Pharma Through the Startup Lens
Growing up in the progressive city of Austin, Texas, Trey
Benson is no stranger to the culture of Silicon Valley where he currently works. "Both
places have a more entrepreneurial, go-for-it mentality, which is a fresh break from the more
formal and tradition-bound environment of the East and Midwest," Benson remarked, mulling
over the history of his experiences in and around the pharmaceutical world.
Trey Benson, Executive Director Commercial
Benson's initial time in pharma began after his days as
a biology and chemistry student at the University of North Carolina Chapel Hill. After receiving
his BS, he initially focused on the laboratory side at AAIPharma, a small contract development
company based in the area. He soon returned to Austin to sharpen his entrepreneurial skills,
getting his MBA at The Red McCombs School of Business at University of Texas and continuing on
at Eli Lilly as a marketing associate. After four years at Lilly, much of it spent working on
Prozac, and two and a half years at Abbott, Benson switched to something more risky and fast
paced, joining XenoPort in 2005 as "essentially the first marketing hire they made."
Coming from such large companies, Benson had to quickly adapt
to the "all-hats" approach that a small company like XenoPort applies to operations,
strategy, and decision-making. "Most of my time here is entrepreneurial in nature," he
said. "I figure out how to do as many things as possible, which often requires a lot of
prioritization, because it is important that everyone pitch in to move things forward."
Benson knows that while his previous experience at larger companies gave him the skills and
expertise to help him do the work he does now at XenoPort, there is simply no room for the kind
of Big Pharma thinking, where, he says, employees are incentivized to take the position that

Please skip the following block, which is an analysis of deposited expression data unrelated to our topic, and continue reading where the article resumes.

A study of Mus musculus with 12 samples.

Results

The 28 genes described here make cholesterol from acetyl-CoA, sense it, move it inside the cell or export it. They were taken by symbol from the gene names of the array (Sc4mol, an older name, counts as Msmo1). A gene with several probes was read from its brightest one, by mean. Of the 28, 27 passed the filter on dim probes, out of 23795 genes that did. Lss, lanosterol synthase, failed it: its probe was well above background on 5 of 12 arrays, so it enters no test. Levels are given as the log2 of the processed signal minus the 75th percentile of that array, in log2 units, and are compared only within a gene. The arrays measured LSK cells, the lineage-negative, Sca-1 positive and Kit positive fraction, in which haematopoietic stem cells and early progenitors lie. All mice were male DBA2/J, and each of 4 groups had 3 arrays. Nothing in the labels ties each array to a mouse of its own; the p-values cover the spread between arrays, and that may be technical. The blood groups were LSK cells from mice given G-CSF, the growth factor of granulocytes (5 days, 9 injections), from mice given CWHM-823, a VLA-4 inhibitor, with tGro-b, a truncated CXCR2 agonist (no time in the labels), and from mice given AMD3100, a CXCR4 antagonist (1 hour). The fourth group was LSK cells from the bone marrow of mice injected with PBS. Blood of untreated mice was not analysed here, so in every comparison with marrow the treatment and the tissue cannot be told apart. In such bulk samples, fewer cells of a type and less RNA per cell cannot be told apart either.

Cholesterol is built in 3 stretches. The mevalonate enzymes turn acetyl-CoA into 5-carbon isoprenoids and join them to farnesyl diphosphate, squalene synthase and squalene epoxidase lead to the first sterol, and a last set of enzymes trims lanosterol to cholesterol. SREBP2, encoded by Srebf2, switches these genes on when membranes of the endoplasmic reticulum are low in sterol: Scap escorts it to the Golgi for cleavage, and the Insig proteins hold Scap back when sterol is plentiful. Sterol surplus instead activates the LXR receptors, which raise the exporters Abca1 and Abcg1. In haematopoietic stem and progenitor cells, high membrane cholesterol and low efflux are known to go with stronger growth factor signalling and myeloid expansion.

there are rules to be made and followed, with only one way to do things. This creates a
bureaucratic mindset and a lack of the dynamism needed to keep a company moving forward. With 15
years of experience in marketing for pharma behind him, he points to how the broader market
shift from one-size-fits-all to a more customer-centric approach has benefited those leaner,
more nimble companies like XenoPort: "When you have big products, you keep spending. If
they're not working, you just throw more money at it. With digital marketing, smaller
companies are at less of a disadvantage in terms of resources. Here, it's about using less
but finding more ways to be effective."
Nevertheless, Benson notes that resource constraints in a
smaller company create more risk, and that quick decision-making is critical to solving problems
before they expand to get out of hand. "If you aren't constantly moving and asking
questions, or if you don't ask the right questions and look for answers quickly,
you're just going to be waiting on failure as opposed to letting things fall and recover by
focusing on the right things first." This, he added, requires as timely a read of the
marketplace as possible, to where a company can time its response around the real needs of the
Furthermore, Benson believes that in order to propel an
organization to success, it must have a specific vision that translates well to an external
audience that is increasingly diverse and has high expectations. "Too often companies focus
on what they are doing and how they are doing it," he said. "There's never enough
emphasis on language designed to lead and inspire. I constantly try and understand the
'why' in order to work with other partners and business opportunities so I can explain
it to them." The model of pharma companies following business plans that plot a course for
five to seven years ahead, is outdated, at least in his eyes. Three years is the better norm,
and even that might be overly ambitious, given the turmoil in the customer base.
The same philosophy holds true for the most important
business process of all, which is moving a new drug from development to commercialization.
Benson is constantly scanning the market for partners, investors, and businesses looking to
share the risk of research. "When I started, the average development time was 17 years to
bring a product to market. With the first product I worked on at XenoPort, we cut that time in
half. I'm not sure if we can work with R&D teams and investors to shorten the time even
further, but it's something I work towards every day."
Benson is firm on one piece of wisdom he knows has sustained
him in his transition from Austin to the Midwest and to Silicon Valley: don't be afraid to
try and fail. "If you go for it and mess up, so be it. You can try again. If you're
close enough, give it a shot. You've only got one life to live."